Grassmilk: New Trend in Dairy has California Ties

| August 3, 2013 | 1 Comment
  • 1 Comment

Organic Valley Grassmilk. Photo: Mary Ladd

School is almost back in session, and the consumption and purchase of milk will rise predictably, according to Mike Griffin, the California Pool Manager for Organic Valley. The company is the country’s largest dairy cooperative headquartered in Wisconsin and it recently marked its 25th anniversary. Organic Valley has a substantial number of farmer members in California and all the milk sold in California is produced by cows that reside in-state. Last year, Organic Valley launched an organic grassmilk product line, which consists of milk from cows fed a 100 percent grass diet. This milk is produced in Humboldt County, which has an exceptionally long grass season. When fresh grass is not available, the cows are fed dry forages like hay.

Grassmilk Jersey cows on the Regli farm. Photo: Mary Ladd

Grassmilk Jersey cows on the Regli farm. Photo: Mary Ladd

Jim Regli, his wife Susan and their seven children are in the Organic Valley cooperative, and their farm has been in the family for several generations. The decision to try producing grassmilk made sense when Jim analyzed it: “We already had cows on pasture. The economics looked like we’d get a stable pay price with grassmilk.” Stability may be a draw even if this is the first wave of grassmilk production– before joining Organic Valley, the Reglis were a part of the Humboldt Creamery, which went bankrupt. Regli saw in grassmilk “a perfect opportunity. I always wanted to do this and saw the economics as a way to be more profitable. Our grain bill was huge and grain prices continue to go up. Buying alfalfa pellets for the grass is half or two-thirds the cost of what our grain bill was.”

Savvy grocery shoppers who are comfortable seeking out items like grass-fed beef, biodynamic wine and similar smaller batch items may want to keep a look out for this new product which shows signs of being a new trend. Look for the picture of an adorable and sweet looking brown Jersey cow in the dairy section and you’ve found it: organic grassmilk, which gets its name from the food source and has a suggested retail price of $5.49 for a half gallon. Not surprisingly, Whole Foods Markets nabbed first mover status for grassmilk, with an assist from the Northern California farmers in the Humboldt County of Ferndale that are a part of Organic Valley. Eleanor Bertino, who organized a media tour of Organic Valley, said “Most organic milk drinkers want their milk from grass-fed cows but demand outpaces supply.”

With beef, flavor and the animal’s health are among the reasons a consumer is willing to pay more for a grass-fed product. The theory there is that buying grass-fed beef gives eaters a meal without antibiotics and added hormones, and many find the meat flavor to be slightly sweeter and more nuanced with grass. In a similar fashion, the theory is that Organic Valley cows grazing on grass grown in quality soil will produce higher quality grassmilk. Griffin said that even the sweetness via the sugar levels of the grass can be measured with a field tool called a refractometer, to make sure the grass is appealing to the cows. These cows simply won’t eat or touch the grass when the refractometer says the sugar levels are too low in the grass.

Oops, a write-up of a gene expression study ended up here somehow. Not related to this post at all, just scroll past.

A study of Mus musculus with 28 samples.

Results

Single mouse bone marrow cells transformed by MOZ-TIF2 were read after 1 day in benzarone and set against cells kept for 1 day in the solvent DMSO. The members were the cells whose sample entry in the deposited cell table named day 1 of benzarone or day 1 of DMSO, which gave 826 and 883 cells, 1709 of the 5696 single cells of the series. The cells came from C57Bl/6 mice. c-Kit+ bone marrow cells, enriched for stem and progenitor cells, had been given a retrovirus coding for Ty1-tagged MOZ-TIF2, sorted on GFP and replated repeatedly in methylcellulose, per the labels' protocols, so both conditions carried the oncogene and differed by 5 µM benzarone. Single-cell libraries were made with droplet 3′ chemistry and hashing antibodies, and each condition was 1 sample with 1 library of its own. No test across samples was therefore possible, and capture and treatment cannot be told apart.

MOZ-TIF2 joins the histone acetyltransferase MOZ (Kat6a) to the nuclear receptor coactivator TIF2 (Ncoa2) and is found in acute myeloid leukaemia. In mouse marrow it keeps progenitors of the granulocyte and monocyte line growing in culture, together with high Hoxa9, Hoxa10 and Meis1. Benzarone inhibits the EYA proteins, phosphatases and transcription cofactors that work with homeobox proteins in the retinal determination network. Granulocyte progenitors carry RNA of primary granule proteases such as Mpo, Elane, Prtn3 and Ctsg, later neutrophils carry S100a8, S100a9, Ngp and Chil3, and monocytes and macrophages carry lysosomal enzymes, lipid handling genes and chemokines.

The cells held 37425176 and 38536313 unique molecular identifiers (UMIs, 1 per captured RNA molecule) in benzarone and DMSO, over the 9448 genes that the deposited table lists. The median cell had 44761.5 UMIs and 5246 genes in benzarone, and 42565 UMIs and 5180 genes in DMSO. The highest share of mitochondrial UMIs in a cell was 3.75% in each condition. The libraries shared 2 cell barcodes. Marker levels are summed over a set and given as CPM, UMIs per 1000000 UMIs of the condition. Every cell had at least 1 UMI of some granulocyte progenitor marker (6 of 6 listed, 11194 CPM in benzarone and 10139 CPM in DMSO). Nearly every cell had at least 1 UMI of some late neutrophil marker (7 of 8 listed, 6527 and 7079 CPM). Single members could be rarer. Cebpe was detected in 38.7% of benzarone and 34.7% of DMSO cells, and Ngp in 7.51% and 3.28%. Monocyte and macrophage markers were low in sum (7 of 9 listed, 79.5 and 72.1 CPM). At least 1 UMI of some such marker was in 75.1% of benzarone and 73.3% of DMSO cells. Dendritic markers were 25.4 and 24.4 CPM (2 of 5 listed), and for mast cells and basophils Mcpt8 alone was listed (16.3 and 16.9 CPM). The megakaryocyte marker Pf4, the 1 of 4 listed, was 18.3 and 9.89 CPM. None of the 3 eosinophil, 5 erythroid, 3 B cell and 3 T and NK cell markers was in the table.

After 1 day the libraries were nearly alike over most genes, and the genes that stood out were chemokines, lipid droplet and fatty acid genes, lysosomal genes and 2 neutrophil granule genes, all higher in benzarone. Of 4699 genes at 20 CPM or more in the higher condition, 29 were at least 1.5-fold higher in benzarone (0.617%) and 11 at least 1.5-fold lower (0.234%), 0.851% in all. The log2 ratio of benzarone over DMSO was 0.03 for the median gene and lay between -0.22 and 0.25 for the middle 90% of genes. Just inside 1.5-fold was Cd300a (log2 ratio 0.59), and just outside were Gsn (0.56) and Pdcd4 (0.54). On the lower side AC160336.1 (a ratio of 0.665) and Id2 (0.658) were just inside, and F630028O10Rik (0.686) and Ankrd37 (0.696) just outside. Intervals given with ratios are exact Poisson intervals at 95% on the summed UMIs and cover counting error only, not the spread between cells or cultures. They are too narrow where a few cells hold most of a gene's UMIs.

Organic Valley Grassmilk is from Jersey cows, which are known to produce milk that is higher in fat—expect a natural richness and subtle sweetness. The nutrients in grassmilk come from the cow’s ability to process the grass and forage on the dairy farm, which means there are naturally occurring omega-3s, conjugated linoleic acid (CLA) and calcium in each sip. Grassmilk is not raw milk. Organic Valley says the milk is minimally pasteurized and non-homogenized-—which is likely for good reason: raw milk has it’s share of proponents but is not even close to being mainstream (raw milk folks operate clandestine operations in some states to receive and distribute the product). Without pasteurization milk can harbor bacteria along the lines of Campylobacter, Listeria, and E. coli.

When I sampled the grassmilk it had an old-fashioned and even wholesome feel brought on by a sweeter and richer taste than my usual 1% cow’s milk or experiments with way-too-watery rice milk. Grassmilk reminded me of sneaking tastes while making butter in school when I was an East Bay youngster. The small buttery bits (you could honestly call some of them chunks) in grassmilk may at first be a surprise since they float to the top and are clearly visible. Take time to savor the bits, though, because they offer hints of sweet butter and even clotted cream. Dipping scones, thick cookies or other breakfast-y baked goods are a natural fit with grassmilk but it also tastes good with cereal or the other ways you routinely drink milk. If you really need to gild the dessert lily, there is at least one intriguing Grassmilk rice custard recipe online, too.


About the Author ()

Mary Ladd is a freelance writer and event professional based in her hometown of San Francisco. Her writing has been featured in SF Weekly, Tasting Table, the San Francisco Chronicle and elsewhere. She has shuttled Anthony Bourdain around town and mastered the art of properly loading a catering van in a flash. Mary has eaten the world’s hottest burger and loves to cook and eat. Follow her at @mladdfood
  • Laily Haikal

    I’m drinking iced coffee w/ this milk as I type. But I don’t get it; the farmer says it’s cheaper to manufacture grass milk, instead of the usual grain-fed cows milk, since grains costs are going higher. So, then why make grass milk so expensive? At Whole Foods, it was the most expensive milk (per ounce). So, just by switching from grains to all grass, they’re already making more profits, so why increase the price THAT much? Too greedy.